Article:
Thoughts on this plan? I obviously haven't done it before, so I'm breaking my "no first-time recipes for big dinner parties" rule...

Edit: oh, dear, I've put my first thread in the wrong place. Sorry!


    1 Reply
    1. re: KSlink

      Must have been the late hour for me, too—I want a higher proportion of broth and protein to pasta, but my thought about the starch is to give the broth a little body & tip the overall texture a bit towards stew, so the broth coats the seafood and pasta a little more thickly. I do wonder if the starch will overwhelm the broth, though.

    2. I'd think that fully cooking the pasta in the seafood broth would make the broth overly starchy and the pasta overly sticky. I'm with you on the brothier bit (yum, all that savory oceany goodness!) but the last thing you want is pasta slopping wetly about -- tough to eat without making a giant mess. Perhaps a divide-and-conquer strategy is your best bet? A second course of pasta, followed by a main of seafood in wine/garlic/parsley broth with crusty bread to sop up all those lovely juices?

      1. My main concern would be setting all that cooked seafood aside and then putting it back in to reheat. You're likely to end up with overcooked seafood.

        1. You could undercook the pasta and add it to the seafood broth. It'll absorb some of the flavor w/out making the broth overly gummy. I like cioppino over linguine/spagetti. Or, along your idea, use orzo or baby pastina that isn't as starchy.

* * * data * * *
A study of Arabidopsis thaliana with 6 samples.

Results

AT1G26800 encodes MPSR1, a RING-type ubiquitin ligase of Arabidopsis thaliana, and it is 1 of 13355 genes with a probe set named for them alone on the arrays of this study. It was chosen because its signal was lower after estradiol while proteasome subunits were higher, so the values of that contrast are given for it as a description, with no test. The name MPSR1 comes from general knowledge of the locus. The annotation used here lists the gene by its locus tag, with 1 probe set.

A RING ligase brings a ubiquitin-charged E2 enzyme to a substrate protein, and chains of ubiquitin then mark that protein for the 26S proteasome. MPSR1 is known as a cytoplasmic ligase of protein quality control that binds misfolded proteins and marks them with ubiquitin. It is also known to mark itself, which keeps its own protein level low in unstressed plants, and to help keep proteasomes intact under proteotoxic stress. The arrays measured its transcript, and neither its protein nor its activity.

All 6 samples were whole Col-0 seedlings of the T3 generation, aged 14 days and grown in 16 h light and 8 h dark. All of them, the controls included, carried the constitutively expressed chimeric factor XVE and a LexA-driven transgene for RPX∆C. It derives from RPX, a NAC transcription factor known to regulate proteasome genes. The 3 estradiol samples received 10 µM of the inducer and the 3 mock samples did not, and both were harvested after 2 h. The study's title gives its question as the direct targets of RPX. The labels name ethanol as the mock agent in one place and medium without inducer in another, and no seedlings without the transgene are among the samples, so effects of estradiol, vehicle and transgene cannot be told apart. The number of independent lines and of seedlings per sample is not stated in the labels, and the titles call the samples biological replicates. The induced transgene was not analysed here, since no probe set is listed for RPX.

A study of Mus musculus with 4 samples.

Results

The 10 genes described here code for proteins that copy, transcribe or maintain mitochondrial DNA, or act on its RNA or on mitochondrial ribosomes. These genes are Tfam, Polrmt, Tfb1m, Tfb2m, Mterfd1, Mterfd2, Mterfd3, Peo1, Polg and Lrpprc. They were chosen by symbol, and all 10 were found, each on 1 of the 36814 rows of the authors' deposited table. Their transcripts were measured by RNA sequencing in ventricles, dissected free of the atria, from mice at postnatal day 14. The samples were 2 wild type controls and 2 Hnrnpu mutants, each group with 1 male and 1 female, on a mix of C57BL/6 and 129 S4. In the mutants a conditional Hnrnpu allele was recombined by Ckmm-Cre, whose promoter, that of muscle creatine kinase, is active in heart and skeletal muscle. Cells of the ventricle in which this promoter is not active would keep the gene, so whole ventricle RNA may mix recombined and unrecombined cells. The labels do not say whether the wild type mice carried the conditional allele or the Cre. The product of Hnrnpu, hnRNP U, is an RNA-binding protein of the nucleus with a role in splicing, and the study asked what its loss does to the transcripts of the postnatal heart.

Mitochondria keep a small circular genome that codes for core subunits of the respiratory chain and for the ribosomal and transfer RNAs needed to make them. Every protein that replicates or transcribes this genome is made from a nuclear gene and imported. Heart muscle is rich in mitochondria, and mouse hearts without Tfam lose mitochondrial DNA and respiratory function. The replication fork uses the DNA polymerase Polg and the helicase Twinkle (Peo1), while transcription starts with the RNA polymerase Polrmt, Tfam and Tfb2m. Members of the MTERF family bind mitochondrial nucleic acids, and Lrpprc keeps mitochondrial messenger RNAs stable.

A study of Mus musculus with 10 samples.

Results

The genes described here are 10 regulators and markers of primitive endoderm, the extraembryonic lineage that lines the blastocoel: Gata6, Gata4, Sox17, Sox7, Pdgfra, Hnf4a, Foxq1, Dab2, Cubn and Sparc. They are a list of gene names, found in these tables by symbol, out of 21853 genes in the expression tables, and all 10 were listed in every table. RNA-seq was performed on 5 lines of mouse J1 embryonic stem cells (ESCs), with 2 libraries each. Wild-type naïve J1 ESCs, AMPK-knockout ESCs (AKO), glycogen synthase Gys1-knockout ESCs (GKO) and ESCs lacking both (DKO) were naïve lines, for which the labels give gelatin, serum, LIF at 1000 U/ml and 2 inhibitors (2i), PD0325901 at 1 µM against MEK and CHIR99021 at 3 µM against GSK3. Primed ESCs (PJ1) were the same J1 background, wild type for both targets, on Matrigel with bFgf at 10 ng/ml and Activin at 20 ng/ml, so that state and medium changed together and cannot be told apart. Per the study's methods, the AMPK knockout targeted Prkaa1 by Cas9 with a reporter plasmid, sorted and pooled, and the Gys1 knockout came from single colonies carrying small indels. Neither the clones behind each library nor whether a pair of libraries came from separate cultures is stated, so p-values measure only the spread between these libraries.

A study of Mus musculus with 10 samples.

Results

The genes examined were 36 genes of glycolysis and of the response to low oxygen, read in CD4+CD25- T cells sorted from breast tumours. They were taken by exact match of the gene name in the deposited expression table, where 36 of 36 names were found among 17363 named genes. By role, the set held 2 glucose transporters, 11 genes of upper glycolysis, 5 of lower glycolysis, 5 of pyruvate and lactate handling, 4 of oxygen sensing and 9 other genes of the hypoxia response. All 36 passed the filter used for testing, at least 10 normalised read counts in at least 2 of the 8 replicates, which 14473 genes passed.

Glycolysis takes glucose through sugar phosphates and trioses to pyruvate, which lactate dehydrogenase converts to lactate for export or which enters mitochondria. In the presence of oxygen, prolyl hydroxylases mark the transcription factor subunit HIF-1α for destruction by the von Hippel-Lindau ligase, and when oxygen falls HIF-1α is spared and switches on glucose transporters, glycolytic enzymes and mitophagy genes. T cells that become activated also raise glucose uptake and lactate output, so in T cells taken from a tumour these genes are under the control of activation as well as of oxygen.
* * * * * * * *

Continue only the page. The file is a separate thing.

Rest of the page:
1. I always precook my fish because by doing one type at a time, I can get them all cooked properly. I would, however, leave them all a bit undercooked so that you don't overcook when reheating.

            3 Replies
            1. re: katecm

              I'm curious how you undercook mussels and clams. To me, once they're open, they're done--up until then they're not.

              1. re: escondido123

                True. I usually also have shrimp, scallops and cod, so those are the ones I'm referring to.

                1. re: escondido123

                  I always have problems with clams, somewhat less so mussels, opening fully when I put them in a paella. I now put the clams in the microwave for less than a minute first. They just barely open and are not yet fully cooked. Then, when I put them in the paella, I can be sure they will open fully and will be cooked without being overdone.